By Dave Sims, Commodity News Service Canada
Winnipeg, November 22 – The ICE Futures Canada canola market ended relatively unchanged before the U.S. Thanksgiving holiday, as traders positioned themselves prior to the break.
Gains in US soybeans helped prop up prices somewhat.
Speculative buying and gains in Malaysian palm oil and European rapeseed futures were supportive.
However, the Canadian dollar was higher relative to its U.S. counterpart, which made canola less attractive to domestic crushers and out-of-country buyers.
Losses in U.S. soyoil dragged on prices.
Around 10,017 canola contracts were traded on Wednesday, which compares with Tuesday when around 19,056 contracts changed hands. Spreading accounted for 4,768 of the contracts traded.
Settlement prices are in Canadian dollars per metric tonne.
The soybean market finished seven to eight cents stronger on Wednesday, due to speculative buying. The market also took strength from large gains in soymeal.
Ideas of rising demand for U.S. export sales helped lift prices.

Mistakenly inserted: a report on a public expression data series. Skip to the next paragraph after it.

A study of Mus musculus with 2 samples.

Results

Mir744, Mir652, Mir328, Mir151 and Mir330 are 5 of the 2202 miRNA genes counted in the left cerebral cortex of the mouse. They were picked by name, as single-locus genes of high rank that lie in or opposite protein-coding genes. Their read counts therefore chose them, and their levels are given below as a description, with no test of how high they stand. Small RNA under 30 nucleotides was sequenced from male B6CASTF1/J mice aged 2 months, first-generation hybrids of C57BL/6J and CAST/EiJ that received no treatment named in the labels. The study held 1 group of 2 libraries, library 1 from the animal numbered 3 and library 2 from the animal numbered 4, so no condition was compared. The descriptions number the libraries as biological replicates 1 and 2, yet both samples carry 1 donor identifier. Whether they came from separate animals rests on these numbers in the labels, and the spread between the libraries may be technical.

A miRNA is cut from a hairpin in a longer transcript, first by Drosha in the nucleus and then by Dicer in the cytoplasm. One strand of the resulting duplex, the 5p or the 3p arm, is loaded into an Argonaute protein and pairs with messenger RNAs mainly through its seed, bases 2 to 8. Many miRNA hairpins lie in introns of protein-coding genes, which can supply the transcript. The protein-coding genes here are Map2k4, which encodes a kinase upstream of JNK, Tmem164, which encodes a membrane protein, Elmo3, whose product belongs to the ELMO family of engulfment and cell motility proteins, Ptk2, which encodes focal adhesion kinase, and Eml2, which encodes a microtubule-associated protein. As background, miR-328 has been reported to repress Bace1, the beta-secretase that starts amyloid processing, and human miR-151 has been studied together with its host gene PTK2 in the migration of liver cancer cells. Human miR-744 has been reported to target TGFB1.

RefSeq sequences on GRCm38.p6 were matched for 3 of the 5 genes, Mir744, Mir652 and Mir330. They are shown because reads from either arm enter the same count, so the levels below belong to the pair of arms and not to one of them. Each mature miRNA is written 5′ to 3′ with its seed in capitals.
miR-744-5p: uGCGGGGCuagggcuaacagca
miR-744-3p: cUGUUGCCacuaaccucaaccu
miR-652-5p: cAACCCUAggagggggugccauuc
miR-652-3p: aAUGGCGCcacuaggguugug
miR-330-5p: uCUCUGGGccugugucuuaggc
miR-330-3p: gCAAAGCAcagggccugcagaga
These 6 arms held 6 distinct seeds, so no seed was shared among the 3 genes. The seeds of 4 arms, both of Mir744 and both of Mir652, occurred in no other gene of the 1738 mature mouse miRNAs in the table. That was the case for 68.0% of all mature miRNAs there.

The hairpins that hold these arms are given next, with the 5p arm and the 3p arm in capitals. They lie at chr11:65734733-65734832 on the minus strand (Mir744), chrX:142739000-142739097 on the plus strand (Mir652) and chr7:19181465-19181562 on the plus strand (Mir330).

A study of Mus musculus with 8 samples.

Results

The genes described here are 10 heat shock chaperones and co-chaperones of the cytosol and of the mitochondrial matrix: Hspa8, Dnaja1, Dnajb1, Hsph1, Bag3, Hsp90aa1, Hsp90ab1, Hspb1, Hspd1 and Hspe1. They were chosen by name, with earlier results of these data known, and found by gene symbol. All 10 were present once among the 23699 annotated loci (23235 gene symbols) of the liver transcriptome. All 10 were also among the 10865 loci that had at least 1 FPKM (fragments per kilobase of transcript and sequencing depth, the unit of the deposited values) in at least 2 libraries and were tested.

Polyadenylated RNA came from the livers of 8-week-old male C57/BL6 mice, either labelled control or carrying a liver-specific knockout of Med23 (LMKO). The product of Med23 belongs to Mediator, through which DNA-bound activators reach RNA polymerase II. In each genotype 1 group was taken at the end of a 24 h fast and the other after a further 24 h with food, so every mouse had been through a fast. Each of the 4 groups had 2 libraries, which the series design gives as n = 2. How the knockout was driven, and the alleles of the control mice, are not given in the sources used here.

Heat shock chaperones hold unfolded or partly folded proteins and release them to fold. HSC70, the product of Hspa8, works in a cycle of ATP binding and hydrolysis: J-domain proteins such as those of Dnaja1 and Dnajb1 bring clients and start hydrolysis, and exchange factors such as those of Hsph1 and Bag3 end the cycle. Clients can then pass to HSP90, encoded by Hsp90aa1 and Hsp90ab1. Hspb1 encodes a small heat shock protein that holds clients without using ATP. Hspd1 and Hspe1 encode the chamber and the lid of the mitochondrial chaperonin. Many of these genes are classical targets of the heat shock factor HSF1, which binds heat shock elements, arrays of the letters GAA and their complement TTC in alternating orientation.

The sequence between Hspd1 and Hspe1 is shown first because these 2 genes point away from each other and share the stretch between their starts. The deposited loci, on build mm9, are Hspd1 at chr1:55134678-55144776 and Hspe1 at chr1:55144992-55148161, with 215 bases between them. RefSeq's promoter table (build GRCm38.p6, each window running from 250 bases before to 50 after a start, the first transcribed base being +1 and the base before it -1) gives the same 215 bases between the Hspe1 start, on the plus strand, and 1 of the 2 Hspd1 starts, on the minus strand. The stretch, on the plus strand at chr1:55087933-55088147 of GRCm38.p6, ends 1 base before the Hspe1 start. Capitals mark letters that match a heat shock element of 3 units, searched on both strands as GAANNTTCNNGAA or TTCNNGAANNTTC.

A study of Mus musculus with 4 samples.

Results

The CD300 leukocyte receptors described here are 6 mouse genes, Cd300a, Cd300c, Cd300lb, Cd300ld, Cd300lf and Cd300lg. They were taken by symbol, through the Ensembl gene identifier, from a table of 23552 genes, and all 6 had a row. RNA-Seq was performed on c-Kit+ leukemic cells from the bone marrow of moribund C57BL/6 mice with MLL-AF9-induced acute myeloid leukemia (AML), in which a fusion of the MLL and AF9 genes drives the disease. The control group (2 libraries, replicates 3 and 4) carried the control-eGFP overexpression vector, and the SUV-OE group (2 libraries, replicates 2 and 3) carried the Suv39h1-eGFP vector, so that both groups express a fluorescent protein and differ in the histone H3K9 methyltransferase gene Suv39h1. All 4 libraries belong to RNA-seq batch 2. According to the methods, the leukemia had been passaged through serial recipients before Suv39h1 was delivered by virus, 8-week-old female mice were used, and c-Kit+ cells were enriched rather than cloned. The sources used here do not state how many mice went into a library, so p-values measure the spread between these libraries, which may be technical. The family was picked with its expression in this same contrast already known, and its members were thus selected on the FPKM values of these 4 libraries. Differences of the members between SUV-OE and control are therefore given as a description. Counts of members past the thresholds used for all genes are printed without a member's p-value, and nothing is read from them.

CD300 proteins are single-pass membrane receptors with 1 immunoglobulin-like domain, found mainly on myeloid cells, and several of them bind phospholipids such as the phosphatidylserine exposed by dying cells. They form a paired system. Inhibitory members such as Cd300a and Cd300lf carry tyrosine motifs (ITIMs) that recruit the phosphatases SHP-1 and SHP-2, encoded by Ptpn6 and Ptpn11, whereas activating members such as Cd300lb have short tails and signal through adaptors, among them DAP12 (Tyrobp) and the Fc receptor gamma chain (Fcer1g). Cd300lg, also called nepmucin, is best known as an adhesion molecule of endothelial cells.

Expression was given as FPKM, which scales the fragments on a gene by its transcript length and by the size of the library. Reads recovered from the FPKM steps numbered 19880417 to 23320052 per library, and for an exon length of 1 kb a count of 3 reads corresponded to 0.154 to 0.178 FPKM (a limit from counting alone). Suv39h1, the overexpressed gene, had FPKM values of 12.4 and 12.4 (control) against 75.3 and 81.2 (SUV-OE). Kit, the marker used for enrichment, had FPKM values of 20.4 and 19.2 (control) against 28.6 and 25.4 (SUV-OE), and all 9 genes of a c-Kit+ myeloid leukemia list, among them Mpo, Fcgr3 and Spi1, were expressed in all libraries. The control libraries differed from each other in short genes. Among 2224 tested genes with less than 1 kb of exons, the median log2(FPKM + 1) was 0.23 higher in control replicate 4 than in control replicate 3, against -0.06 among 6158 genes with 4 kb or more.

Concerns over dryness in Argentina were supportive and there is growing speculation La Nina will become a reality.
The corn market ended half a cent to one cent higher on Wednesday as traders squared positions before the holiday.
In South America, growing conditions have been improving as of late, which was bearish.
Farmer selling in the U.S. is slow as the basis is very weak.
The Chicago wheat market was mixed with the front-month contract two cents weaker on Wednesday.
Traders were positioning themselves ahead of the holiday and some speculators were covering shorts.
Concerns over the quality of US winter wheat was supportive.
Weakness in the U.S. dollar was supportive for wheat exporters.